Bigger isn’t always better – especially when it comes to menus.
Last year, 60% of restaurants shortened their menu size, according to Datassential, a food-industry market-research firm that analyzed over 4,800 menus across the U.S. It’s a trend that’s continued well into 2022, as restaurants look to ways of increasing efficiency in the wake of relentless rising costs.
“You should be constantly evaluating,” says Sergio Hernandez, director of culinary and business development for recipe software company Meez. “Even before COVID, before today’s supply chain issues, streamlining a menu is something that every restaurant operator should’ve been doing.”
By nature, a tightened menu can enhance inventory control, lower food waste, and be easier to execute by back of house teams that are now often thinly stretched. It also makes it easier to keep track of pricing and potentially negotiate with suppliers, given the increased quantities of ingredients needed for the dishes that remain.
So where should you start when looking to make menu trims? We break down how to strategically decide which dishes to ditch and which to keep.
While it may sound obvious, your first step is to analyze profitability by comparing sales numbers to respective food costs, and this can’t go underrated.
“Do the math to see how many units you’re selling each night against the food cost on that dish, and then get an average of a couple of weeks’ worth of data,” says Hernandez. “Then you can decide, is that item making you the revenue that you need based on your total sales?”
Dishes that are profitable and popular are the ones you want to lean in on, and those that aren’t profitable or popular are the ones you can quickly cut. “But between those windows, there’s a spectrum,” says Bo Davis, co-founder of MarginEdge, a restaurant management software company.
Deciding on dishes that lay in the middle zone may come down to their ingredients. For example, if you’re sourcing tons of individual ingredients specifically for a dish that’s profitable but not popular, it’s likely reasonable to eliminate it. Meanwhile, if this dish includes many of the same ingredients used in your best-selling, highest profitability dishes, it may make sense to keep it, since risk of food waste is decreased.
Getting rid of low-margin dishes can be challenging when your customers really love them. To make a strategic decision, you’ll want to consider several factors. For one, does this dish play a central role in drawing people to the restaurant?
“Even if the margin is low, if it’s a signature dish, it might be what you call in the industry as a ‘loss leader’ – you're not making a prime margin but the dish received press and people are buzzing about it,” says Hernandez. “That’s important to weigh after analyzing how it's performing financially.”
You can also evaluate how you can adapt the dish so that it’s more profitable. “Slight changes in portion size, price, or recipe might push a very popular dish over the edge to also becoming very profitable,” says Geert Merckaert, communications manager at restaurant management software company Apicbase.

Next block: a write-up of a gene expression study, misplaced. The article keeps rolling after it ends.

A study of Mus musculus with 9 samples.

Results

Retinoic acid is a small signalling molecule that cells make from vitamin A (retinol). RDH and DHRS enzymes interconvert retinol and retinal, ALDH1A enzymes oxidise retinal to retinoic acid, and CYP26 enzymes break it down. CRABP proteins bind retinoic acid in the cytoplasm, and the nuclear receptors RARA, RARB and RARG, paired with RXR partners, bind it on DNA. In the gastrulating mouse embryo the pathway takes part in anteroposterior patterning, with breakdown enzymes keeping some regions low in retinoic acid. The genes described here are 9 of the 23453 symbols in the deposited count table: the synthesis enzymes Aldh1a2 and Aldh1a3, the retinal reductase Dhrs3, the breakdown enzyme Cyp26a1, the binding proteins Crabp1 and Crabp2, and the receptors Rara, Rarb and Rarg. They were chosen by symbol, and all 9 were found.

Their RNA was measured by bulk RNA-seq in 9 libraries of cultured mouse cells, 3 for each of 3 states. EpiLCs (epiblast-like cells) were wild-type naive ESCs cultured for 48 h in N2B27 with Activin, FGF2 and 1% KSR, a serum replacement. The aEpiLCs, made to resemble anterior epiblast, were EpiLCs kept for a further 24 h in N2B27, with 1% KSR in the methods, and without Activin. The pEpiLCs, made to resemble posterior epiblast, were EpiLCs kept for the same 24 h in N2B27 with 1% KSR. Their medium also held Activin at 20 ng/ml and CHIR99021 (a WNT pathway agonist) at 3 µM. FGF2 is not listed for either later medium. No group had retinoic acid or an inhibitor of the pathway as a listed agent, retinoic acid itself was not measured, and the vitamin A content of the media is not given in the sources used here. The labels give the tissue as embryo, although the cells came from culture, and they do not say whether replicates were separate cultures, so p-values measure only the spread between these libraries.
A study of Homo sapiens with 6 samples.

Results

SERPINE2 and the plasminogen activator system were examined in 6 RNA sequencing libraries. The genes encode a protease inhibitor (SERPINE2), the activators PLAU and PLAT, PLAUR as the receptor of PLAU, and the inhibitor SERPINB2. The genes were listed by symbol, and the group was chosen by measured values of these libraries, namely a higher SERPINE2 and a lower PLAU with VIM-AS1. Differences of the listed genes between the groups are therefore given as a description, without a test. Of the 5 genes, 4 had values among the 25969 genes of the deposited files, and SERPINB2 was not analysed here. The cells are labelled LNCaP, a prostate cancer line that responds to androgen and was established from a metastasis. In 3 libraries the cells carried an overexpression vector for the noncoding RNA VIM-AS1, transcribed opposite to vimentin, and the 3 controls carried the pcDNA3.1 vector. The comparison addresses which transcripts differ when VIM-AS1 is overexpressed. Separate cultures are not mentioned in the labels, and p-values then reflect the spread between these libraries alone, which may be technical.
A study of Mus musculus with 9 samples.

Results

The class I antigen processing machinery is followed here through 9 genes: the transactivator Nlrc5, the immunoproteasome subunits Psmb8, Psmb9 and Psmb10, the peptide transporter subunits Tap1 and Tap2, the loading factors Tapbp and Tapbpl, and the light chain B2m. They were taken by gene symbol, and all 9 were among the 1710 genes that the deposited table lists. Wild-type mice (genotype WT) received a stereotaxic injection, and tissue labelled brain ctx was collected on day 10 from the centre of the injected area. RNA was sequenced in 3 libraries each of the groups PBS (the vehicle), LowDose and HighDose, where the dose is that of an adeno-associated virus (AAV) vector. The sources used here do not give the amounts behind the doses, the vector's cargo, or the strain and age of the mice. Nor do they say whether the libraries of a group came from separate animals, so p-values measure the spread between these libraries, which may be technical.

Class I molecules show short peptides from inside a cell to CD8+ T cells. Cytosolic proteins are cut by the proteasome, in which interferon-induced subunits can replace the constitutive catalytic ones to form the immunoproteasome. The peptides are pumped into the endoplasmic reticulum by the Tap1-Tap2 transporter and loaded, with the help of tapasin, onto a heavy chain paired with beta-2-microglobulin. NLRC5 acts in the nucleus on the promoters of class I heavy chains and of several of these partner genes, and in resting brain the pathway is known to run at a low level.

Of course, that’s not easy to do if you’re working with a pricy protein at the center of the plate. In this case, are there other places on your menu where you can make up for the lack of profit?
“Maybe you add more vegetable dishes that are made with local, seasonal vegetables and are just going to really pop on the plate,” says Hernandez. “With dialed-in techniques that ensure your team nails those dishes every time, you can build a huge following for those items and those items can subsidize that high-ticket item that you just can't bring yourself to take off the menu.”
Identifying where you’re cross-utilizing ingredients can also play an important role in menu strategy. “You want ingredients to be versatile. If you have to keep a stock of fresh goods or spices for just a couple of dishes, you run the risk of spoilage,” says Merckaert.
Minimizing food waste means minimizing the risk of throwing money down the drain. Likewise, it’s a good idea to plan your menu with the season and market in mind. Ask your vendors for market reports, and try to remain flexible with making menu changes accordingly. “Avocados, for example, have seasonality and very strong fluctuations, and so you really need to look at both the seasonality of each item on your menu and also try to understand its variability,” says Davis.
There are a variety of software platforms that help take the guesswork out of menu cuts by pitting real-time food costs against your POS sales data. Monthly subscriptions generally fall between $15 to $100. And given that menu analysis is both complex and time-consuming, it’s often a wise investment.
For one, these platforms make it easy to view the exact profit on each dish, even as food costs fluctuate. But you can also often modify recipes in the platform to see how changes to ingredients and portion size affect projected profit. Profit trends are tracked over time, so that when you do make recipe changes, it’s easier to identify if the change increased profits or possibly had a negative impact on sales. And you can do it all without sifting through stacks of invoices and handwritten calculations and comparisons.
“Prices in products move around too much. It was true even during the most stable economic times and it’s even worse now, so having real-time pricing is critical for making intelligent decisions,” says Davis.
Grace Dickinson is a reporter at Back of House. Send tips or inquiries to firstname.lastname@example.org.